French Scholar May Have Cracked Da Vinci’s “Mona Lisa” Code
Leonardo’s “Mona Lisa” is the most famous painting in the world in part because of the “sfumato” or “smoky finish” it bears. Jacques Franck, an acknowledged Da Vinci expert with a rather controversial reputation, says he has figured out how it was done. Surprisingly, it wasn’t done with a roller in a single stroke.
“The fundamental problem with ‘sfumato’ is knowing how shadow and light were linked in such an imperceptible way," said Mr. Franck, who is consultant to the Armand Hammer Center for Da Vinci Studies at the University of California. “I believe that Leonardo used a technique which I call micro-division. Over a base coat -- called the imprimatura -- in pale yellow, Leonardo da Vinci started by creating contrasts by using very diluted, reddish tones. Then he went over the shadows very finely with a system of hatching.” Then, another coat of imprimatura was applied to “mask or abolish the sharp outlines of her form.” The Romans had done this centuries before, but Mr. Da Vinci wasn’t finished.
“When it came to Mona Lisa's face, I believe that Leonardo must have applied 30 layers. He must have worked with a magnifying glass, getting down to brushstrokes no longer than one-thirtieth or one-fortieth of a millimeter.” That means the head of a pin would dwarf the smallest brush-strokes. Given the materials of the time, he would have had to wait several days between layers. This means the work would have taken years.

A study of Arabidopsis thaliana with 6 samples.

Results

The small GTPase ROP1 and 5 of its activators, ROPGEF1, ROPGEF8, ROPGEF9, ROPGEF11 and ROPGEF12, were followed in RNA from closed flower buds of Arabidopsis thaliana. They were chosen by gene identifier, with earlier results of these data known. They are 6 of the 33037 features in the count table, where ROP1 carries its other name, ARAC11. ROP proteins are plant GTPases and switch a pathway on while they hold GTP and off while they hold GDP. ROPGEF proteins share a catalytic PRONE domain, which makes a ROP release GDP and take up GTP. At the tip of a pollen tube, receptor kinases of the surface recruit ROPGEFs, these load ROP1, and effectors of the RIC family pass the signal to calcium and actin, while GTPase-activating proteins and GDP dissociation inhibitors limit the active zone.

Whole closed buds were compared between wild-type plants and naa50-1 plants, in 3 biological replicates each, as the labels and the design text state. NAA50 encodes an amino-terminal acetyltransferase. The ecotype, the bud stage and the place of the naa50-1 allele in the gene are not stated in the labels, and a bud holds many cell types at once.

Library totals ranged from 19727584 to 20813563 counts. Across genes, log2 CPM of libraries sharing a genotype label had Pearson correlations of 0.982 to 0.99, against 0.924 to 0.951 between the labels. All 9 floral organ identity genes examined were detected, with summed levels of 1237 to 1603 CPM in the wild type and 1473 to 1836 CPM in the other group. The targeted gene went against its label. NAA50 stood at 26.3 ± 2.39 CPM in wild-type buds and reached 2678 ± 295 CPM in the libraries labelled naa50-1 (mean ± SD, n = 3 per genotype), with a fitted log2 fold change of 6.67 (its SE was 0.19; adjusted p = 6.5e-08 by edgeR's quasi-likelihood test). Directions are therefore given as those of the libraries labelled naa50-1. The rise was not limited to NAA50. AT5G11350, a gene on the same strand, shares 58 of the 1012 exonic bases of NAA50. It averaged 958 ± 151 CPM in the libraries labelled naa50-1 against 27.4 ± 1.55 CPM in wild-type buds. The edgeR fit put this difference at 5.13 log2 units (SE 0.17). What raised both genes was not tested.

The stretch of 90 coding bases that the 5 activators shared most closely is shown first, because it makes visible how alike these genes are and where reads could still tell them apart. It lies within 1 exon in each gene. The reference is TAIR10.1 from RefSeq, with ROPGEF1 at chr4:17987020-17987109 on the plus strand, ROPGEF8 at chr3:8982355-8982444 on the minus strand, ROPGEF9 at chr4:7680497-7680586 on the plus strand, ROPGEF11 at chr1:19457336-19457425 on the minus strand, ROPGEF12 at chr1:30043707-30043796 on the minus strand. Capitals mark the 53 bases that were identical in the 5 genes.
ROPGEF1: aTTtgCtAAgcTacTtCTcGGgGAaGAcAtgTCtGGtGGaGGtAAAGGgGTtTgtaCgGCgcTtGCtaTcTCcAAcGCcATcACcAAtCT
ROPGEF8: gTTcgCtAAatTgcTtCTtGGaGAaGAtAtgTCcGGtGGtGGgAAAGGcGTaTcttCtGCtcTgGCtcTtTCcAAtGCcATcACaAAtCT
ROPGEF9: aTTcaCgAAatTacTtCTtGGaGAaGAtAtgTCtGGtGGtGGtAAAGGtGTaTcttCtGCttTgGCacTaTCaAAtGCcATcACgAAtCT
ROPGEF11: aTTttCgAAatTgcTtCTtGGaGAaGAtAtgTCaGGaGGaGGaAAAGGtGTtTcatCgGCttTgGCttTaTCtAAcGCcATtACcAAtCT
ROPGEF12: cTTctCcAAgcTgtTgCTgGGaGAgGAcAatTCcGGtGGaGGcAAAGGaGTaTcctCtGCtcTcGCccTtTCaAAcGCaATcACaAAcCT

Mr. Franck’s approach has put some noses out of joint. Some say that because the masterpiece’s brush strokes are “invisible” it is impossible to figure out how they were made. Still, Jean-Pierre Mohen of the French national art laboratory C2RMF, which has been doing similar work on the painting. “He has moved knowledge forward, not in an analytical way, but experimentally," he said. “The Mona Lisa was a work which was accomplished slowly, meticulously, with enormous power of thought and experience of life. And all that to re-create a smile which must originally have lasted for only a quarter of a second.”
Even though tastes here run more to Canaletto and the Venetian School, one can’t help but agree with Marcel Duchamp. LHOOQ, indeed.